Governors in Maryland and Indiana were the latest to order that bars and restaurants across their states close for indoor dining Monday.
Eateries closing for indoor business in California, Massachusetts, New York, New Hampshire, Connecticut, Illinois, New Jersey, Michigan, Ohio, Kentucky, Indiana and Rhode Island were just the first course of action for state officials hoping to slow the emerging virus that has led to the death of nearly 70 Americans and thousands across the world. Many states also opted to shutter non-essential businesses including movie theaters, casinos and gyms in the wake of the coronavirus.
Gov. Chris Sununu announced Monday afternoon that all restaurants and bars will be required to close for dine-in service until April 7. They will be allowed to deliver food to patrons via takeout, delivery and drive-through methods.
In Kentucky, Gov. Andy Beshear said Monday morning the state’s bars and restaurant dining rooms would close in the midst of the coronavirus pandemic, according to the Louisville Courier Journal. This order will take effect by 5 p.m. Monday, March 16, Beshear announced.
Carryout and delivery food orders will continue.
“It’s not lost on me that most of these are small businesses,” Beshear said during a news conference. “There are people who have spent sweat equity and maybe even life savings to open your business; I realize the impact it’s going to have but we have to take the steps necessary to protect our people.”
Maryland announced its order to close movie theaters, restaurants, bars and gyms late Monday morning. The closure would begin at 5 p.m. Monday.
Essential businesses − including supermarkets and gas stations − will be able to stay open after 8 p.m. Monday.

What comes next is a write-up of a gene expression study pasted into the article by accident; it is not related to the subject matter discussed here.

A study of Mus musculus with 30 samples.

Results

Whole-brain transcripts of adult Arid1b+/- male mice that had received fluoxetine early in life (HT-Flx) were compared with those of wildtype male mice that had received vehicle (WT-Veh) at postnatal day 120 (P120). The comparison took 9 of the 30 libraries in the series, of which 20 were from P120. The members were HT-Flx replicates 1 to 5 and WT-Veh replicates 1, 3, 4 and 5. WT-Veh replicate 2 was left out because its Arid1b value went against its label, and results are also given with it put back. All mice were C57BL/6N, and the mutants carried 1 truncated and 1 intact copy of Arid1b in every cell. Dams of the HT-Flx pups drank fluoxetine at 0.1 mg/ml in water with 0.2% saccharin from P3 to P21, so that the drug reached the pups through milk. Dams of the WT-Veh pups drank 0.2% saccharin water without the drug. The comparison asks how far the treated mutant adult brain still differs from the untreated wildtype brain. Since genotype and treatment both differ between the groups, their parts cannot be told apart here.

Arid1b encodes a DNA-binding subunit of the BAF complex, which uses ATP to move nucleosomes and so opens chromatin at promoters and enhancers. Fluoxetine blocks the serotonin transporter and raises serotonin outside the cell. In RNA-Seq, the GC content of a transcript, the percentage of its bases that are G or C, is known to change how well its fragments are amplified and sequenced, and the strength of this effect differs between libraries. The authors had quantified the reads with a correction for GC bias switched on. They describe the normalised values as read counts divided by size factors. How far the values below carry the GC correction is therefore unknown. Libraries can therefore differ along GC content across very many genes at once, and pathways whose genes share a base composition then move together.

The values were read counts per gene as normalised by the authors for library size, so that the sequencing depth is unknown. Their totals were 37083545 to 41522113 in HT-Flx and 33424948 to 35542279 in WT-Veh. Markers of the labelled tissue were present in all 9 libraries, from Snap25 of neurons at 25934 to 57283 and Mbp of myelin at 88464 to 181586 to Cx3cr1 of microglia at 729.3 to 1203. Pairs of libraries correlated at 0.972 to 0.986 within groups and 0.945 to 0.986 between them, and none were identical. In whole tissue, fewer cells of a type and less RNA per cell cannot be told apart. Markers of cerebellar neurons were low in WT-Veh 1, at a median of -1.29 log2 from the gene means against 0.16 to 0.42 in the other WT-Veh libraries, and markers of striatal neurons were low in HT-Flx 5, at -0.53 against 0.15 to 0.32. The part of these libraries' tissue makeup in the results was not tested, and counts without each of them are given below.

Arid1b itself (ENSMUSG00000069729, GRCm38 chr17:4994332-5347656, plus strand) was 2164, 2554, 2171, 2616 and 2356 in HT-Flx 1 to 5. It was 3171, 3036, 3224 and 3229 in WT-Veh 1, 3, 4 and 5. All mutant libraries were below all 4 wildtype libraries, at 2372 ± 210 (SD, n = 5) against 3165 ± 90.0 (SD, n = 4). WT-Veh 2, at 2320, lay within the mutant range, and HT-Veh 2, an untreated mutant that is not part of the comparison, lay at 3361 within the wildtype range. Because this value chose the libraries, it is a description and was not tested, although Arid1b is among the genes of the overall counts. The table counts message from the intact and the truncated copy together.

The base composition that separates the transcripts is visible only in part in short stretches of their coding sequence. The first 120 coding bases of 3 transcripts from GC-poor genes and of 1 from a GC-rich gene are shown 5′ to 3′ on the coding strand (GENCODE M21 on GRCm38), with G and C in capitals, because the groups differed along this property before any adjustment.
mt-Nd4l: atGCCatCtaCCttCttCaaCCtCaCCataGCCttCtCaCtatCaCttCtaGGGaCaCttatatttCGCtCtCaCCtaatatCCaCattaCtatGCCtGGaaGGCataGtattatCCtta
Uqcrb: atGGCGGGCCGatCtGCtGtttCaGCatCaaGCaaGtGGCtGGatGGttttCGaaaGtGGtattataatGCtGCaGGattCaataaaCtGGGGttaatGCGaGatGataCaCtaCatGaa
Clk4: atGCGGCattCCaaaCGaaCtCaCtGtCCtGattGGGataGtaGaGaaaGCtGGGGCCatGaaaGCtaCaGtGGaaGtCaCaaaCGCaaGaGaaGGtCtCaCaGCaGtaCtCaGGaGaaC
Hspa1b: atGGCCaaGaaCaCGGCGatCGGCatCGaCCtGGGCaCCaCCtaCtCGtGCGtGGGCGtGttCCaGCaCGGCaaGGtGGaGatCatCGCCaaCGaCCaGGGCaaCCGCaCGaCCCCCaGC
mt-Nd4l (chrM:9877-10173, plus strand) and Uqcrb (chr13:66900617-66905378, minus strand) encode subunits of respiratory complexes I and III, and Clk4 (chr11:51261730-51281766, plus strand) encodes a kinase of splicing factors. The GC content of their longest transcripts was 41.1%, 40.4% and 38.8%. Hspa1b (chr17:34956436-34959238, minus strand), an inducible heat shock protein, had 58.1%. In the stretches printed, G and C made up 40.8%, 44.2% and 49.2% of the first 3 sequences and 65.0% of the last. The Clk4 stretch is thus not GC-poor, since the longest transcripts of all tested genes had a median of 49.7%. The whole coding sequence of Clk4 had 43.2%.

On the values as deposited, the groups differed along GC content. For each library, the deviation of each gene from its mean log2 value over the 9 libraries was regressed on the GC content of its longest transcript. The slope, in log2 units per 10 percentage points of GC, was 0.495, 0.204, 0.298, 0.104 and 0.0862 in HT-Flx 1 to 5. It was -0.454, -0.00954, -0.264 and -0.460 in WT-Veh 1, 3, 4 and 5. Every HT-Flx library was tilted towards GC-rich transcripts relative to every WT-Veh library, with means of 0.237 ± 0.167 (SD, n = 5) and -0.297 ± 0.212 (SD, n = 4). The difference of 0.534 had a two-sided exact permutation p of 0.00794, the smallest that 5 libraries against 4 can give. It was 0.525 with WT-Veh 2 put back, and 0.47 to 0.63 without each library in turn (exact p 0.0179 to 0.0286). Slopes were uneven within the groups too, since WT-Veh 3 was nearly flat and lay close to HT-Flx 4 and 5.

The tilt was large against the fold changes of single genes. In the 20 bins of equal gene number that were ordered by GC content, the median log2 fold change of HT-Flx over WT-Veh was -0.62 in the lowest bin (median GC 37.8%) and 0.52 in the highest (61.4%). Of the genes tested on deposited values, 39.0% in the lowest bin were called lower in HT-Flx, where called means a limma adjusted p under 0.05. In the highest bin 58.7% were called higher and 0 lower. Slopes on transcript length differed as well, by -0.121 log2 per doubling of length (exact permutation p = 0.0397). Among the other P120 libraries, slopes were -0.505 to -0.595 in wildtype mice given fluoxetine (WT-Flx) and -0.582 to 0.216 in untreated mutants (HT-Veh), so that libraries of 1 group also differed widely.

New York Gov. Andrew Cuomo announced Monday that he would restrict, along with New Jersey and Connecticut, any gatherings of more than 50 people in addition to the ban on dine-in at restaurants and bars. The ban will begin at 8 p.m. Monday.
The steps mark the latest escalation of efforts to keep people apart in metropolitan areas in hopes of limiting the spread of the virus, and in the case of New York, Connecticut and New Jersey, coordinating a regional response in the face of what the states’ Democratic governors called lagging federal action.
“It’s chaos. I think it actually feeds the feeling that the country’s out of control. There is no clear direction, there is no clear path,” Cuomo said during a joint conference call with the other governors.
Illinois, Ohio, Massachusetts and Washington state also are among places that have ordered bars to close and restaurants to stop dine-in service.
On Monday, Gov. Eric Holcomb announced his plans to close business to in-person patrons at Indiana’s nightclubs, bars and restaurants through the end of March.
In Rhode Island, all dine-in food and beverage service will temporarily shut down, according to news station WPRI.
In her daily coronavirus briefing Monday morning, Gov. Gina Raimondo announced she plans to sign an executive order to halt dine-in service at restaurants, coffee shops and other businesses until Monday, March 30.
“This is a serious step because this is a serious crisis,” she said.
Michigan opted to close the doors to bars and restaurants earlier than most states Monday. According to the Detroit Free Press, Michigan bars and restaurants will be ordered to close starting at 3 p.m. Monday, Gov. Gretchen Whitmer’s spokesperson Tiffany Brown told the newspaper.
Michigan Attorney General Dana Nessel issued the following statement in support of Whitmer’s executive order calling for a temporary shutdown of dine-in service at food and beverage establishments.
"My thoughts today are with the workers and businesses in our food and hospitality industries," said Nessel. "It is heartbreaking that an industry built on service to others must be shut down to help protect and keep safe the families they call their customers and friends. In an effort to help them through this difficult and unexpected shutdown, I am asking our partners in the state and federal legislature to look for ways to help alleviate the financial impact of this shutdown."
The states that opted for the shuttering of businesses had thousands of reports of coronavirus in many of their communities.
For most people, the virus causes only mild or moderate symptoms, such as fever and cough. For some, especially older adults and people with existing health problems, it can cause more severe illness, including pneumonia, and death.
Most people recover. According to the World Health Organization, people with mild illness recover in about two weeks, while those with more severe illness may take three to six weeks to recover.
The Associated Press contributed to this report.